Since elementary school, Rachel Chery has been a leader in diversity work. This spring, the Humanities Division doctoral candidate in Music spearheaded the virtual Transcending Boundaries Fourth Annual Research Symposium, April 8–9, with the theme of Disruption and Discovery Preparing for a New Generation of Scholars.
To her surprise, Chery recently received the Departmental Diversity Award for the Humanities Division for her leadership in the realm of furthering diversity on the UChicago campus.
“First and foremost, she was foundational to the organization and success of the Transcending Boundaries Symposium, which was an incredible space for so many beautiful presentations and the building of community,” said Frania Mendoza Lua, doctoral candidate at the Crown Family Center and Chair of UChicagoGRAD Diversity Advisory Board. “I hope everyone who attended realizes how radical and powerful this conference really was at a school like UChicago. Outside of the Diversity Advisory Board, Rachel continues to decolonize music theory syllabi. She starts the classes that she teaches with Nina Simone and that is so important! Her dissertation is also looking to her identity in a field where it is still not common to do so.”
While Chery describes the award as the capstone of what she’s been doing all her life, she was quick to praise the UChicago students who presented intriguing topics during the Transcending Boundaries Symposium.
Three Humanities Division graduate students explored race and the occult, indigenous Mexican language in hip-hop, and Hegel and romantic quest of self in art in their presentations. Jonah Francese, Bre’Anna Girdy, and Manjing Wuang gave their virtual sessions on topics relevant to their UChicago studies as well as to their personal interests.
“My grandmother spoke the Hñähñu language, and I looked at several hip-hop groups that use this language in their lyrics,” said Francese, a PhD candidate in ethno-musicology, who presented Hñähñu Language Revitalization through Indigenous Mexican Hip Hop: Building Towards an Indigenous Hip Hop Futurism. “Using this indigenous language in hip-hop lyrics is an opportunity to teach the language and increase the percentage and number of speakers.”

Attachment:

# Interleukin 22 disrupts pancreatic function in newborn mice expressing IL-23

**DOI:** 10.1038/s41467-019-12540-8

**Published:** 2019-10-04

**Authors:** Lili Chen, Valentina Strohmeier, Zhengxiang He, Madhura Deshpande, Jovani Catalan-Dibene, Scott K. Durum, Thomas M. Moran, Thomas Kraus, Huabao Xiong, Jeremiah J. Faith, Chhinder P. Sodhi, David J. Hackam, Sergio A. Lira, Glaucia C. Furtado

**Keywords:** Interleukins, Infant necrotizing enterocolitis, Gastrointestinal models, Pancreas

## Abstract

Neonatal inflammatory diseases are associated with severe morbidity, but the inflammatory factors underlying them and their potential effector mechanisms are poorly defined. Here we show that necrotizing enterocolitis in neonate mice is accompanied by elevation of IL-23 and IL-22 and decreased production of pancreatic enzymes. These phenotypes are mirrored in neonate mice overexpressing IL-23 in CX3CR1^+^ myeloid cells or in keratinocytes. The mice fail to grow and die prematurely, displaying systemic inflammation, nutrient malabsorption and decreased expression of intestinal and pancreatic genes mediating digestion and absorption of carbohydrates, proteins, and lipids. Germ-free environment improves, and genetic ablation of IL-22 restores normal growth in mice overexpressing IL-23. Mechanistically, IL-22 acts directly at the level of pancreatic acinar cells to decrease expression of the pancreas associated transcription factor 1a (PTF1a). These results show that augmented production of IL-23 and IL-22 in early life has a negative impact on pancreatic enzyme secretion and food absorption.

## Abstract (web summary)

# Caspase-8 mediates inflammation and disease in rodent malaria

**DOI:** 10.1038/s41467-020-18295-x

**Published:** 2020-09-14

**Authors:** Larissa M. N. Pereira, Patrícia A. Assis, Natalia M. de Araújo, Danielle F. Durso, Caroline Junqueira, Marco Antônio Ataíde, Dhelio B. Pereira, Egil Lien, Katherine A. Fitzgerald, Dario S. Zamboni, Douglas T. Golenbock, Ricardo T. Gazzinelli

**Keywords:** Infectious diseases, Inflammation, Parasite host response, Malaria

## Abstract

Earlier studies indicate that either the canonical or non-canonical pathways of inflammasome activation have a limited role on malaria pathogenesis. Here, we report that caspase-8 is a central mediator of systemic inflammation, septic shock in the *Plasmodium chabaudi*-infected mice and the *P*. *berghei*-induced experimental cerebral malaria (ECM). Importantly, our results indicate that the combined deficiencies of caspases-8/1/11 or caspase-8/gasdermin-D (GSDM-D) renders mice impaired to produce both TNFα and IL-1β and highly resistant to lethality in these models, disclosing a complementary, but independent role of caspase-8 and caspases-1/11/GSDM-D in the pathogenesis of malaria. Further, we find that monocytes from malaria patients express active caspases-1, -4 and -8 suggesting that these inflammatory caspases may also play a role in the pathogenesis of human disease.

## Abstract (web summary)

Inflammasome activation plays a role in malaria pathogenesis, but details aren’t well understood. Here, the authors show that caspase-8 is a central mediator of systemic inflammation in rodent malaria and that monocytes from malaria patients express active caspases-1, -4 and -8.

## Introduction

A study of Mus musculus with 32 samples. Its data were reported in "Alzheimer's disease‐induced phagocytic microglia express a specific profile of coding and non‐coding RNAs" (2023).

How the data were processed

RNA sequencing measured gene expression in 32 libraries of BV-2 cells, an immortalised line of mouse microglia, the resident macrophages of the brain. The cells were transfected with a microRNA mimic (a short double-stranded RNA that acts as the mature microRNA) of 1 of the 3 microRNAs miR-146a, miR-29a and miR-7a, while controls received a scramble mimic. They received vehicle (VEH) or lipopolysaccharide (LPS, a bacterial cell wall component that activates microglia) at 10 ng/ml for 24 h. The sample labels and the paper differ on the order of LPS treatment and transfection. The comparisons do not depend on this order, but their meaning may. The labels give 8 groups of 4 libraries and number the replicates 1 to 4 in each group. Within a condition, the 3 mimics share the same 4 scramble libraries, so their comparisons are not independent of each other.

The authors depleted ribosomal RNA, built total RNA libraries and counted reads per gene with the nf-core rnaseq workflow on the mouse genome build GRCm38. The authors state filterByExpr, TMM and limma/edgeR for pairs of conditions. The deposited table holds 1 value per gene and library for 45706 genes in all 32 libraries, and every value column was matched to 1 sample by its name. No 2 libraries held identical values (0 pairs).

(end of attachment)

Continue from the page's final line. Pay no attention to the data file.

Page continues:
“Literary genre is built on tradition,” said Girdy, who graduated June 3 from the Master of the Arts Program in the Humanities (MAPH), who presented Bloody Fungibilities: Race and the Occult in Pauline E. Hopkins’s Of One Blood: Or, The Hidden Self. “Many Black authors, such as Pauline Hopkins, Toni Morrison, and Octavia Butler, discuss the Black experience in the context of spiritualism and witchcraft. This concern spans generations and examines the insidious nature of racism. Art reflects on the material conditions of our social world.”
“Art and music are ways to reconcile and express your inner world to the outside,” said Wuang, a MAPH candidate, who presented A Hegelian Attempt on the Romantic Quest of the Self as a Form of Art in E. T. A. Hoffmann. “But there’s always a difficult balance to maintain between expression and privacy. I strongly believe philosophy and literature are intertwined.”
During two days at this year’s Transcending Boundaries Symposium, 15 virtual sessions were presented. Chery thought students ran with their topics and was delighted that presenters’ friends and family were in the audience as well as their colleagues. There was “no Zoom fatigue” despite the long hours, she said.